Suicide prevention is everyone’s problem
Anyone who has watched the news or listened to the radio over the past few weeks would have heard of the inquest into the death of Channel Ten newsreader Charmaine Dragun, who committed suicide at the Gap in 2007.
From all reports Charmaine was an intelligent and bright young woman who had a promising career ahead of her as a television broadcaster. However, she was troubled and ultimately this became too much for her to bear.
Charmaine’s career was in the electronic media, an industry with its own special pressures, egos and preference for perfection. The media is competitive – absurdly so – and I imagine it was unlikely anyone dealing with self doubt and anxiety would feel comfortable discussing their situation and reaching out to a colleague for support.
My background is in the law - another competitive field.
I worked at two big firms and I found my roles rewarding, competitive and demanding.
Law firms continue to be places of excellence, achievement and competition, and often, they can be places where lawyers – especially young people - find themselves under enormous pressure.
But the profession is addressing the issue and this week they launched a program called Resiliance@Law, a collaboration that aims to shine a light on mental illness in the legal workplace and help young lawyers deal with issues.
The point of highlighting this initiative is that combating mental illness requires building awareness and resilience, identifying and reaching out to those in need and providing pathways to treatment.
Mental illness is one of the most common and significant factors behind suicide in Australia.
In fact, every day, six to seven Australian die by suicide and for every person lost by suicide, there are approximately 30 others who have made an attempt.
These figures are 40% higher than deaths caused on our roads – a figure I find completely unacceptable. And in Australia, it is young men who are most frequently lost to suicide.
Consider the plan of Sydney’s Woollahra Council to upgrade facilities around the Gap to help prevent suicides.
The Federal Government recently approved funding for CCTV cameras - a small part of the plan - after long delays. The cameras will enable police to respond more quickly to incidents at the Gap.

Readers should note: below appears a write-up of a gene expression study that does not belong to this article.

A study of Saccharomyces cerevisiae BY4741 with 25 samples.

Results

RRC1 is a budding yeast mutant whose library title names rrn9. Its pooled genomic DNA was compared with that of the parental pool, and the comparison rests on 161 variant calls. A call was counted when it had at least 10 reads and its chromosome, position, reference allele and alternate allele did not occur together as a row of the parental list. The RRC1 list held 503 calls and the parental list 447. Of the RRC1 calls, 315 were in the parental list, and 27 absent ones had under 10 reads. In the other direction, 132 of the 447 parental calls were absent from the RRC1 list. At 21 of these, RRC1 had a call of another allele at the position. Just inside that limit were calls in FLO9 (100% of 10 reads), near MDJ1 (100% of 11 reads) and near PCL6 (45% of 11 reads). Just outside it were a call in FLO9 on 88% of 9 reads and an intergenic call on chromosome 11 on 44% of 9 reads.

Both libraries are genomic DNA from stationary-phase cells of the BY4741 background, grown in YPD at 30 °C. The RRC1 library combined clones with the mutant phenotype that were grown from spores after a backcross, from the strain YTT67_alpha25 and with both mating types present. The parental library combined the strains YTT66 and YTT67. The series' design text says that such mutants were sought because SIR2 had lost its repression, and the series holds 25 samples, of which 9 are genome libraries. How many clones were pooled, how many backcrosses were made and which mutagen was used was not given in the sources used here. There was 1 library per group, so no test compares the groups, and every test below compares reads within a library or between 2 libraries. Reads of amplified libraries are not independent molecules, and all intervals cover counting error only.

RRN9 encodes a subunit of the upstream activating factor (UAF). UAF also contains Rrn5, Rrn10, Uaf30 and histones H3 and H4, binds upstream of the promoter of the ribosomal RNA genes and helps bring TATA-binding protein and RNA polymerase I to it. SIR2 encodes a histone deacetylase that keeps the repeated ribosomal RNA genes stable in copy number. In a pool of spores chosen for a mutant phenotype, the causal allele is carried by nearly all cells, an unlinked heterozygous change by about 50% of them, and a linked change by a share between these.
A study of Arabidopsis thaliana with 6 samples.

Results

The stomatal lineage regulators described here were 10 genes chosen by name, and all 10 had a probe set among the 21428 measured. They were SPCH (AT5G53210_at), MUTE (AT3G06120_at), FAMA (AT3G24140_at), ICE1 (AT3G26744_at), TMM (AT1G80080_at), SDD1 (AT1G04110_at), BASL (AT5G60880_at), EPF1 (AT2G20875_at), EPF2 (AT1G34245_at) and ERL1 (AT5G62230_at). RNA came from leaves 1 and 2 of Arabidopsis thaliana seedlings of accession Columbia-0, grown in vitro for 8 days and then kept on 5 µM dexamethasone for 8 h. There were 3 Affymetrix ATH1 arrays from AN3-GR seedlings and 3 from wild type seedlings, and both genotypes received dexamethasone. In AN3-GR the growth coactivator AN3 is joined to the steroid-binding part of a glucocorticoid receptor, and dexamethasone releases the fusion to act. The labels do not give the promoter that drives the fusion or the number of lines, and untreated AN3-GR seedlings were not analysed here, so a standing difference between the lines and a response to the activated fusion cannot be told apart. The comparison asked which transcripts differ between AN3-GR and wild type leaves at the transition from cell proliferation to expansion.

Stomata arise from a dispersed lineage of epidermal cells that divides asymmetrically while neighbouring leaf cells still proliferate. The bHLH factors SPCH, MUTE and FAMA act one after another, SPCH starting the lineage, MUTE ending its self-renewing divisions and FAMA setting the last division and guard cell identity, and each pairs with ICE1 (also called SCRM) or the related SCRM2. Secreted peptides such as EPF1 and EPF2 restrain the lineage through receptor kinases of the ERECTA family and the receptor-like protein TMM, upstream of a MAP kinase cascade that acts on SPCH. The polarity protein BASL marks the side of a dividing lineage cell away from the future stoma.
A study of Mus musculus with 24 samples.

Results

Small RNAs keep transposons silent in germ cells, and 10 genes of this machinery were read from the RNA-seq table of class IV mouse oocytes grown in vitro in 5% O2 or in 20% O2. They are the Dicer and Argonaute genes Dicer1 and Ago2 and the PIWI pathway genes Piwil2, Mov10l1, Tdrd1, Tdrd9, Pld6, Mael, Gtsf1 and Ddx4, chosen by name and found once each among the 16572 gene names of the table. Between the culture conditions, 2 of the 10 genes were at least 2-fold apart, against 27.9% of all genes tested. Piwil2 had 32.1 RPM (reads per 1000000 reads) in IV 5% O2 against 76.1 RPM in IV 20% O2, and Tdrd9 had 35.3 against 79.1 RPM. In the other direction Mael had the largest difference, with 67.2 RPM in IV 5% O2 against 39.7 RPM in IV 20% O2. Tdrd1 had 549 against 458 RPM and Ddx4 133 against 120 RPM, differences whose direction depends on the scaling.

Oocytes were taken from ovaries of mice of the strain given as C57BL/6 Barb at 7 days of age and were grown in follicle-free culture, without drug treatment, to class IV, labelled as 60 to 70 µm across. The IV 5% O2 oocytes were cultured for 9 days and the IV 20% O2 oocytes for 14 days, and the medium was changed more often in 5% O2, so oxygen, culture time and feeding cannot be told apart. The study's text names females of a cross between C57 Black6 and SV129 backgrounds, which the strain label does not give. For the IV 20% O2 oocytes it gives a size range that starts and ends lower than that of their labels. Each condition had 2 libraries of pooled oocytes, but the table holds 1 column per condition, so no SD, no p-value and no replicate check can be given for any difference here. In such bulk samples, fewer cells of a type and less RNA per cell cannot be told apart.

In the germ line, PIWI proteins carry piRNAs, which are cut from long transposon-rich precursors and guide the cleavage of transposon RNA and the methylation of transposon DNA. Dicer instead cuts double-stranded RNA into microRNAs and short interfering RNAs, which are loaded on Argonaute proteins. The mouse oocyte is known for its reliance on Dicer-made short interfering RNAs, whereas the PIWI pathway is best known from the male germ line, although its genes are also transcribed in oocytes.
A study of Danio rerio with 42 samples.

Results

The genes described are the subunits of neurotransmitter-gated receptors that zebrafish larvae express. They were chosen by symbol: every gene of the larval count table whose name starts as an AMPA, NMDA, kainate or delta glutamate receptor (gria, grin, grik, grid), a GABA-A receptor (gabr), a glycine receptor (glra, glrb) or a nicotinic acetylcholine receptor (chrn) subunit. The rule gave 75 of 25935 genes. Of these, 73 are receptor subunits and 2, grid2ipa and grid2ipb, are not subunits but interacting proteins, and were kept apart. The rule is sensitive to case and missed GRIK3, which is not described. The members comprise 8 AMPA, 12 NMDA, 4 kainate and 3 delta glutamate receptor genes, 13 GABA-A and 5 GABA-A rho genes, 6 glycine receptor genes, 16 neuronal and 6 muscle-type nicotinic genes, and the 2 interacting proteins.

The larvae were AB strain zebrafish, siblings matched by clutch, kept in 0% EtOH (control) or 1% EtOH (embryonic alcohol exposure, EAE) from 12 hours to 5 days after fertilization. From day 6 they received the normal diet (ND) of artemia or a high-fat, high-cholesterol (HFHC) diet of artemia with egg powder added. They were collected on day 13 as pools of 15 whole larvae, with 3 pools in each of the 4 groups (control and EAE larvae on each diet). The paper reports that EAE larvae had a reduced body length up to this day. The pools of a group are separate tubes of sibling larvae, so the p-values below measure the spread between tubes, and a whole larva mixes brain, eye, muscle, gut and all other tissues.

But a key part of the plan, a new fence, motion sensor lights and a free 24-hour emergency phone, remain unfunded despite advocacy from the community, from council and from parliamentarians.
The Federal Government’s refusal to fund this part of the Gap plan is deeply disappointing, to say the very least.
Somehow they are unable to find a mere $3 million to fund a project, which on any reasonable estimation, will save lives.
I urge NSW Premier Kristina Kenneally to use any influence she has with Federal Labor to secure this funding in the May Budget and, by doing that, help make a real difference in preventing suicide in NSW.
I am passionate about fighting mental illness because I also recognise the profound individual, familial, social and economic costs of such illness.
Take a look at the recently released Intergenerational Report 2010 which details the complex mix of long-term challenges Australia faces — an ageing and growing population and escalating pressures on the health system.
These challenges will place substantial pressure on Australia’s economy, our living standards and on government finances over the next 40 years.
For all these reasons, we need healthy people who, unencumbered by mental illness, will make a strong contribution to our economy.
Demystifying mental illness, combating ignorance and prejudice is a first step to fighting it. This includes identifying and reaching out to those in need; building resilience skills; making treatment options available and providing practical preventative measures.
And then the fight also requires research to understand and address the causes of mental illness.
Why am I campaigning for better understanding of mental health?
The answer is that I am a mother of two children. I want to ensure that the environment my kids grow up in is free of prejudice and stigma towards people dealing with intense but treatable issues, like mental illness. It is that simple.